Wednesday, October 18, 2006

Stone and Moran on Anscombe's Intention



Tonight Martin Stone and Richard Moran presented a paper titled "Anscombe on the Expression of Intention" to the University of Chicago Mind Workshop. They argued that Anscombe's trinity of intentions (expression of intention for the future, intentional act, further/teleological intention in acting) basically all boil down to one common concept of intention. I found the paper a bit hard to follow and their co-presentation just seemed to make things more confusing than they already were. However since this served as my introduction to action theory, I'm not sure where the culpability lies.

One part in the beginning of Stone's part of the presentation struck me as particularly confusing and problematic. This point involved accepting at face value Anscombe's stipulation that while animals can have intentions, they cannot express them. She writes:

Intention appears to be something that we can express, but which brutes (which, e.g., do not give orders) can have, though lacking any distinct expression of intention. For a cat's movements in stalking a bird are hardly to be called an expression of intention. One might as well call a car's stalling the expression of its being about to stop. (Intention, 5)

Anscombe's target in this quote is Wittgenstein, particularly his statement: "What is the natural expression of an intention? -- Look at a cat when it stalks a bird; or a beast when it wants to escape" (PI, 647).

Now, what does Wittgenstein take to be the expression of the intention when the cat stalks the bird? Is it the way that the cat acts while stalking the bird (i.e. some observable phenomenon that gives us evidence of a bird-stalking intention in the cat? Or is it the mere fact that it is stalking, i.e. moving slowly and with fixed eyes around the bird before striking?

The way in which Anscombe attempts to dismiss both of these possible readings of Wittgenstein is to maintain that an expression of intention must be linguistic (where even "certain bodily movements with a conventional meaning" count as linguistic). Since cats can't talk, they can't express intentions.

For the moment let's accept her linguistic account of the expression of an intention. In this case, then, we must rely on a spoken report to give us evidence of an intention. Now I ask: Can this expression only be given by the person doing the intending or can we give an expression of someone else's intention without them having said anything?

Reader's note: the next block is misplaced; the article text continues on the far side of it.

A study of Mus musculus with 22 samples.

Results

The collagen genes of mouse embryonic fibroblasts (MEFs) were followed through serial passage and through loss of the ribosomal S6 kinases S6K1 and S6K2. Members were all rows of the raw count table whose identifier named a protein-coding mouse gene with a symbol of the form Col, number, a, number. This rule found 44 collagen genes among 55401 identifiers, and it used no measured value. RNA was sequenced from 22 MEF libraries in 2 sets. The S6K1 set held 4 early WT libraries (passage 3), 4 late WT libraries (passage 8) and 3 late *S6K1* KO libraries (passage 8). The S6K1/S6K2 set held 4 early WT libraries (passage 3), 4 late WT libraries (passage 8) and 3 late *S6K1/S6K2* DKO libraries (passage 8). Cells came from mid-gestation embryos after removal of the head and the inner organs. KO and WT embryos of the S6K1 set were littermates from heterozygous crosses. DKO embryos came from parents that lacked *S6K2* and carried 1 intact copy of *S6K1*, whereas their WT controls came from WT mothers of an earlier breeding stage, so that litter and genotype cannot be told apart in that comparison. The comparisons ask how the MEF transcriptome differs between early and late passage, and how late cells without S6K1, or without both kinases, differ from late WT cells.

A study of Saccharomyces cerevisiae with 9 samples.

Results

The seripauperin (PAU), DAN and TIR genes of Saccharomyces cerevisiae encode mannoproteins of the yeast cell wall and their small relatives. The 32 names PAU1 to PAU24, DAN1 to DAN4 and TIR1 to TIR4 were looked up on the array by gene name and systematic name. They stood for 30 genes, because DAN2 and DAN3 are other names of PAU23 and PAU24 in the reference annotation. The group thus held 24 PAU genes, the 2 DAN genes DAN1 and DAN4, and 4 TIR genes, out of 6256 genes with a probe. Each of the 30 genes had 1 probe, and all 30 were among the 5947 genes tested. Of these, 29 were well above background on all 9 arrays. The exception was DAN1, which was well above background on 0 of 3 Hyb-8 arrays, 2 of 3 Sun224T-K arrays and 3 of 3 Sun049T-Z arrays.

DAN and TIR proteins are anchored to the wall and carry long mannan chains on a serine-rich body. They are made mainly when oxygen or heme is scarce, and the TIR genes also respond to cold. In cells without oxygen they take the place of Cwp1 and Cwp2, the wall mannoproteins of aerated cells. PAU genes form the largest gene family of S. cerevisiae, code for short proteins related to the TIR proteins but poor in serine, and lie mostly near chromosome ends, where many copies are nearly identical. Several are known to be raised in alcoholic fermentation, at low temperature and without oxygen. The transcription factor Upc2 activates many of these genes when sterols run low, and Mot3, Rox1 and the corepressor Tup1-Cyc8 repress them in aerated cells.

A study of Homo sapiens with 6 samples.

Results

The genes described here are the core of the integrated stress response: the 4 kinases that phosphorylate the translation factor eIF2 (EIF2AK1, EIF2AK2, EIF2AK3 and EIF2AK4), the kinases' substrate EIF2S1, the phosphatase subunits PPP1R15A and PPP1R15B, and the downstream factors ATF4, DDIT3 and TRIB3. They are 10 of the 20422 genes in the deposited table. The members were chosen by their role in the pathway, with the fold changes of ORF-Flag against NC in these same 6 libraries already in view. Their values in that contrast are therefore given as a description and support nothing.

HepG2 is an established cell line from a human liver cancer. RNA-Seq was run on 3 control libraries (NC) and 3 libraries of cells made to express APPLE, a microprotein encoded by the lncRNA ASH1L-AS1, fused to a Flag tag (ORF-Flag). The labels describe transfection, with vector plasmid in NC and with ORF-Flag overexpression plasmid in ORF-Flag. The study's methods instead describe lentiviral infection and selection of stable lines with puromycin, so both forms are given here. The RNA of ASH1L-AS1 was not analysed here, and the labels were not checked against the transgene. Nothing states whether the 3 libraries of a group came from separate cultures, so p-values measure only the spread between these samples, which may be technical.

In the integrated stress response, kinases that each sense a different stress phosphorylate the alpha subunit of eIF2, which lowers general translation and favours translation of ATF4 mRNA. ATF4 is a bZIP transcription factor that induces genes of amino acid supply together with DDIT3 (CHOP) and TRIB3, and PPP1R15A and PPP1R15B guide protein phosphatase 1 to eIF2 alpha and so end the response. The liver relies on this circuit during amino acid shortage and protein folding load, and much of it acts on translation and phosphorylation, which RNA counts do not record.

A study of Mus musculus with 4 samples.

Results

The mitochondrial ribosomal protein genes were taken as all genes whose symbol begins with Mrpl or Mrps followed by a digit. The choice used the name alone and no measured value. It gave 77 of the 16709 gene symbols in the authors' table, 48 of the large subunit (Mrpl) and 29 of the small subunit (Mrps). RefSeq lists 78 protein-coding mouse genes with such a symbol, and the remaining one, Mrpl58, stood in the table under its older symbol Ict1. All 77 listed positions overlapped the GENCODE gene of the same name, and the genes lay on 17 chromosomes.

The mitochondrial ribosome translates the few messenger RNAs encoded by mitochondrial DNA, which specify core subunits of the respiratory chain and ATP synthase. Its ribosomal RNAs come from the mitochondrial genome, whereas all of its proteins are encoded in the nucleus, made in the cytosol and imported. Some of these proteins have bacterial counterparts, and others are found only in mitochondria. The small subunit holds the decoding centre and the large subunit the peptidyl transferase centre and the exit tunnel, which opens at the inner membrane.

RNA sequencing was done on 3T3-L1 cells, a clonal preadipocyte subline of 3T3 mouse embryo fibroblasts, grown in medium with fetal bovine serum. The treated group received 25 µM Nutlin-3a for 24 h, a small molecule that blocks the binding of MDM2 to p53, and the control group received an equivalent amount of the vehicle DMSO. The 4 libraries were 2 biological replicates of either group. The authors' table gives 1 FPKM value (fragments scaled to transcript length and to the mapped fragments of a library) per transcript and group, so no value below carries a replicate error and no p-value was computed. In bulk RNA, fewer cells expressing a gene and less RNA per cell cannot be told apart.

If the former, then how are we to know that hearing S say "I intend P" gives us sufficient evidence to know that S intends P? What if it turned out that S was actually just a parrot that was taught to say "I intend to fly southward" before ever flying southward? Or if S is a sufficiently complex human-like robot that has been programmed to repeat a recording of "I intend to make tea" prior to every occurrence of its performing the function of making tea? In these cases how could we know that S's seeming utterance of "I intend P" is not an actual expression of an intention and that in the case of the robot there is no intention at all (I take it that inanimate objects are incapable of having intentions--along with beliefs and desires). It seems as though something's giving an "expression-of-intention-like-utterance" cannot be used as a criterion for the ability to give expression to its utterance (or as evidence for its actually having intended anything).

If the latter and there can be third-person expressions of utterances, then what are we to use as our criterion for deciding whether or not the person either has an intention to P or is intentionally P-ing or is P-ing with some intention in mind? If we can do this on the basis of our observations, then there seems to be little problem in expressing the intentions of the bird and we might be led to accord the robot an intention. But if the observational phenomena will be sufficiently similar between the human acting with an intention and the robot performing intention-like actions, and in the latter there is not actually an intention, then the observation of some intention-like actions will be insufficient for us to give a third-person expression of intention.

So it turns out that neither S's utterance of an intention P nor our observing of intention-like behavior in S's performance of P is sufficient for a bona-fide expression of S's intention.

Now, note that if we accept either of our interpretations of Wittgenstein's example of the natural expression of an intention along with Anscombe's stipulation that expressions of intention must be linguistic, we run into the same problem as in Anscombe's case--S can't actually speak of its intention to P and our observing intention-like behavior in P will be insufficient for us to give a third-person expression of S's intention to P.

Seems like a sticky situation--Anscombe's position seems untenable and Wittgenstein's position would commit us to criteria that would lead us to attribute intentions and expressions of intentions to both the talking parrot and the robot--since both would be performing intention-like behavior that "naturally" expresses an intention, i.e. the observable phenomena.

I'm sure someone out there has written on this topic. Hopefully I'll come across some better accounts in my future excursions into action theory. For now Moran and Stone have piqued my interest but left me unsatisfied.